Corn Farmers Reassured as Trump to Reconsider Biofuel Exemptions


Agriculture farmers in the U.S. have had one of the worst years in recent history. As farmers have been significantly behind on their planting schedule thanks to several weeks of terrible weather, many have chosen to opt out of farming altogether in favor of insurance payouts.

Those that have chosen to plant this season’s crops regardless of this setback are expected to see one of the smallest as well as lowest quality crops in many years.

One potential silver lining for farmers, however, has been President Trump’s move to increase the percentage of biofuel used in oil refineries.

On Thursday, Trump ordered members of his Cabinet to review the current biofuel waiver program that has exempted refineries from using biofuels, helping spur on demand for corn, to the benefit of farmers across the country.

According to Reuters, Trump has been hearing the complaints of farmers all across the country during his recent Midwest tour. After hearing these issues, the President has vowed that he will consider altering the small refinery waiver program that excepts many of these facilities from using biofuels.

“I think Trump realized he may have a political problem and told (EPA Administrator Andrew) Wheeler to fix it,” said one anonymous source familiar with the matter who was briefed on the matter and asked not to be named. Another expert who was mentioned by Reuters, Derrick Morgan, senior vice president of the American Fuel and Petrochemical Manufacturers, warned that there’s a competing factor in all this. Refineries see using biofuels as an attack on their businesses, which has effectively pitted the biofuel and petroleum lobbies against each other in trying to influence the administration. “The president has made promises to refiners, too. He promised to keep refineries competitive and he made promises to keep regulatory costs down, and we hope he keeps those promises.”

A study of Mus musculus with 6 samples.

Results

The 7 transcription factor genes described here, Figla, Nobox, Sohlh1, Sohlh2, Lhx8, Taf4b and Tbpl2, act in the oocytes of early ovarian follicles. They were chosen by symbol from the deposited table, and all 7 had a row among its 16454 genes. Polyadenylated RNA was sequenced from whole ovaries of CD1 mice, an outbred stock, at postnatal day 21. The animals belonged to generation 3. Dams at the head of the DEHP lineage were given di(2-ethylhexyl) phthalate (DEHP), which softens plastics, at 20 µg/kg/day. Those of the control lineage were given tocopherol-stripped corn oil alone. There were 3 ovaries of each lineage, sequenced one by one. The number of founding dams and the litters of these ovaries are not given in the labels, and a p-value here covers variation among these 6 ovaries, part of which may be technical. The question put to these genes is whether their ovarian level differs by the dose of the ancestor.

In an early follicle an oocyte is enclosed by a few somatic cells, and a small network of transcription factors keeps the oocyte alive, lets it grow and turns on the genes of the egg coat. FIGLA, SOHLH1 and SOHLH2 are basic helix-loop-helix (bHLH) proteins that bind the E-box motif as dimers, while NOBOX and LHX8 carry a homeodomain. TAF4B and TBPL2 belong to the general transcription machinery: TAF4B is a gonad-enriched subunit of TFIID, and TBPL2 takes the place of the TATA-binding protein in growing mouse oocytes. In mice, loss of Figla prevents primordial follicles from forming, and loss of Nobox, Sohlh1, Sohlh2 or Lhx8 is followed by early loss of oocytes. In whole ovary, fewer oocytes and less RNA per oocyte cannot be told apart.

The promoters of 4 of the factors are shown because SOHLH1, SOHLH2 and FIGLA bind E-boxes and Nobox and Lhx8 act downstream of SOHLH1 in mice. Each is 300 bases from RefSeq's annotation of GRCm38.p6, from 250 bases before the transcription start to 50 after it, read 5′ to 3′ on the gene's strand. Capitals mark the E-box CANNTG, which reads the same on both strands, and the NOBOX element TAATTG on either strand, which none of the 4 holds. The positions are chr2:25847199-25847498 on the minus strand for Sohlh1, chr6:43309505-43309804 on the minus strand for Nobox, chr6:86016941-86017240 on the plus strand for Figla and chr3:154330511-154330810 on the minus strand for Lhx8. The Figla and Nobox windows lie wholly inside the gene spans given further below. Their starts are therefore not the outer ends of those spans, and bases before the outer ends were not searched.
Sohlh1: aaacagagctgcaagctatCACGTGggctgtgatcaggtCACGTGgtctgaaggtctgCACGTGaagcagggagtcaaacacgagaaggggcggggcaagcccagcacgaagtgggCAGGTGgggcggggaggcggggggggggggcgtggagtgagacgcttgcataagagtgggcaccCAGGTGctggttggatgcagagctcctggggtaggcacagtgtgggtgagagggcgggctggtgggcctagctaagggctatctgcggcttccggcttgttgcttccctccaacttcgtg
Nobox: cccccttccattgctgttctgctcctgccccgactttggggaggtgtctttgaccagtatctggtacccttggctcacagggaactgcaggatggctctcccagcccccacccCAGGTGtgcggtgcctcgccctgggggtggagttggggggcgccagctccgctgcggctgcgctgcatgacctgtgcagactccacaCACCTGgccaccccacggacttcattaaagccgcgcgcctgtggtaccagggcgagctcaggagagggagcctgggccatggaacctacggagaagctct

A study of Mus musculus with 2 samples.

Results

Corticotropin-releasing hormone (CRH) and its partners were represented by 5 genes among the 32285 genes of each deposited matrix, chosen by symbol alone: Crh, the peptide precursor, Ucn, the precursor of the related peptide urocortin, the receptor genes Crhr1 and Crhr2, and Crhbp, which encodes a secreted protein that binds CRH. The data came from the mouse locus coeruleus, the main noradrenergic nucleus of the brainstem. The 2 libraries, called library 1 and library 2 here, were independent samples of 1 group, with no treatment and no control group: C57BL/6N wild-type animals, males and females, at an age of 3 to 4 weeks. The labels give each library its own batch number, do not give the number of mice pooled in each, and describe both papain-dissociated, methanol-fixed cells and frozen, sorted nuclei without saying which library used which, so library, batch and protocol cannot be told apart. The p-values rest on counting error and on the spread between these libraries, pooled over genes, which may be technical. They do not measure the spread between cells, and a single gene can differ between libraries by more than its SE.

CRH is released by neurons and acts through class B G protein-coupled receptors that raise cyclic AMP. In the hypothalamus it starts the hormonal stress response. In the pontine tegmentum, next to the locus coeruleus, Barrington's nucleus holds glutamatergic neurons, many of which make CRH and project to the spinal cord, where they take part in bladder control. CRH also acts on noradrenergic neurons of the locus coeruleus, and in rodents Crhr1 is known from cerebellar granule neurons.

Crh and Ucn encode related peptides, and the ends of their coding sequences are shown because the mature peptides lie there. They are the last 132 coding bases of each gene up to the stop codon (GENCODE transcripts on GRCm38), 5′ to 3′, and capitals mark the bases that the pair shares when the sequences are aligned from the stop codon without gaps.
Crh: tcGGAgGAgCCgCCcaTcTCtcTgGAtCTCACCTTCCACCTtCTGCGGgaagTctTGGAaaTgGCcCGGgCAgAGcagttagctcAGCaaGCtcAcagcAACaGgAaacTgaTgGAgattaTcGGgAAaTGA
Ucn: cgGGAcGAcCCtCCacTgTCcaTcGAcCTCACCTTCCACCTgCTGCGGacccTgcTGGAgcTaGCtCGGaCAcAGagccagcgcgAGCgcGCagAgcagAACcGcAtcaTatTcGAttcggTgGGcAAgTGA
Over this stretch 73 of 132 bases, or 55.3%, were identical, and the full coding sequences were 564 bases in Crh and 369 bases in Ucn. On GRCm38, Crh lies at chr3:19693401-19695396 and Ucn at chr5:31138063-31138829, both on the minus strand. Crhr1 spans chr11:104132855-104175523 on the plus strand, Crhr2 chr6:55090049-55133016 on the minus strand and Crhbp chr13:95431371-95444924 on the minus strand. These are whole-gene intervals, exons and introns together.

So far, the EPA has granted 35 exceptions in the year of 2017, up seven times from the previous and last year of the Obama administration. Many of those waivers weren’t for just small refinery businesses but rather those owned by major companies like Exxon Mobil and Chevron.

These exemptions represent over 2 billion gallons of potentially lost demand for biofuels. Currently, the EPA has postponed coming to a decision on the 39 pending applications for biofuel exemption filed in the 2018 calendar year.

Corn farmers have begun using new tactics to solicit the support of Trump in regards to overruling existing biofuel restrictions. The National Corn Growers Associated recently launched an advertising campaign on major networks such as Fox in an effort to gain attention. While the administration has historically been pro-petroleum, encouraging the country to move to an energy-independent stance which has resulted in the Permian Basin boom,

Trump’s move to embrace biofuel at the expense of the petroleum lobby is seen by many as a political move. As the 2020 elections loom distantly on the horizon, solidifying the support of the Midwest states remains important. As for corn farmers themselves, the increased demand for biofuels will lead to an increase in the price of agricultural commodities, specifically corn.